Mary Martin won a Tony for her portrayal of Peter Pan in 1954, and went on to do three broadcasts of the play for NBC.
“I can’t tell you the joy I felt in flying in that show … I loved it so. The freedom of spirit that was Peter Pan was suddenly there for me. I discovered I was happier in the air than on the ground.”
As quoted in Mary Martin : Broadway Legend (2008) by Ronald L. Davis. p. 183
I remember being captivated watching this on my grandmother’s television in her living room. No wonder the Peter Pan’s Flight ride became my favorite at Disneyland.
I’m trying to remember when they stopped broadcasting it – according to Google there were three different productions, the last in 1960, but I couldn’t have seen that – and I remember watching it…
Well in ’60 I’d have been six. Within the scope of this damn memory of mine. But I’m with you that it was rebroadcast beyond that, Vickie.
Mary Martin’s legendary Peter Pan. Fantastique! And you have seen it. Bella! Bella! Etc. 🙂
I have, I just can’t figure out what year it was!
Wasn’t the incredibly talented Ms Martin the original Pan?
I think she was the first to win a Tony and the first to appear in the musical version 🙂
Ah! I used to always say she was the first, I think that most people agree she deserved the Tony as she was definitely the best! Of course I’ve got to take their word for it because that was all a bit before my time! 😀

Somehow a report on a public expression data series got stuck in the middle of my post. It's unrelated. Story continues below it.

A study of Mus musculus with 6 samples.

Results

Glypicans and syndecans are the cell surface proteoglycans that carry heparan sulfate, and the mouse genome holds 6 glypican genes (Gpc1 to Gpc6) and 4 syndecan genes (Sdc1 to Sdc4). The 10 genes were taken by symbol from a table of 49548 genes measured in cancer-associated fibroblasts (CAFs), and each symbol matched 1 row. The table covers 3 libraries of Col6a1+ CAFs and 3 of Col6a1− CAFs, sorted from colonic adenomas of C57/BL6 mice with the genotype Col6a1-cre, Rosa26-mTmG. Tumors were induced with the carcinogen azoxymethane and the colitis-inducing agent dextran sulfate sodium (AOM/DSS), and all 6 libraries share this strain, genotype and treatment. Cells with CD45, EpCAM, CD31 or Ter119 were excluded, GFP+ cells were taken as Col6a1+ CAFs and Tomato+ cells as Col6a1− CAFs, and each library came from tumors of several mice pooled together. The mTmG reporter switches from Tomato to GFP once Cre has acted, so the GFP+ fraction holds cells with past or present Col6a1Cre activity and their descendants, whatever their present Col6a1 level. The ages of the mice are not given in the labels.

At last some wire work.
The very devil of the life theatrical! Have you ever tried?
I can’t help thinking that Ms Martin is deploying a little poetic license in her musings on freedom.
Trussed up like a turkey and hanging from a thread would sum it up for The D!
The Perfumed Dandy
I’ve seen people harnessed up and let fly – even from helicopters. It looks dreadful and queasy making and binding. I’m with you, sir!
In the theatre it is an astonishing effect though…
A splendid revival of Mary Poppins (our other at-nursery-window-interloper) had the show ending with Mary blank faced and disconsolate drifting out over the heads of the audience at The Palladium.
One could here a pin drop. The poignancy and pain in this apparently simple coup de theatre the sugar filled spoon straight back in the audience’s collective face.
The Perfumed Dandy
It’s not so much the harness that makes me ill… every woman who’s ever played Peter Pan nauseates me slightly. Like Hollywood using white actors to play Asian parts. Or full-sized actors to play dwarves. When there are boy actors, Asian actors, and little actors, I say use them for the parts they qualify for.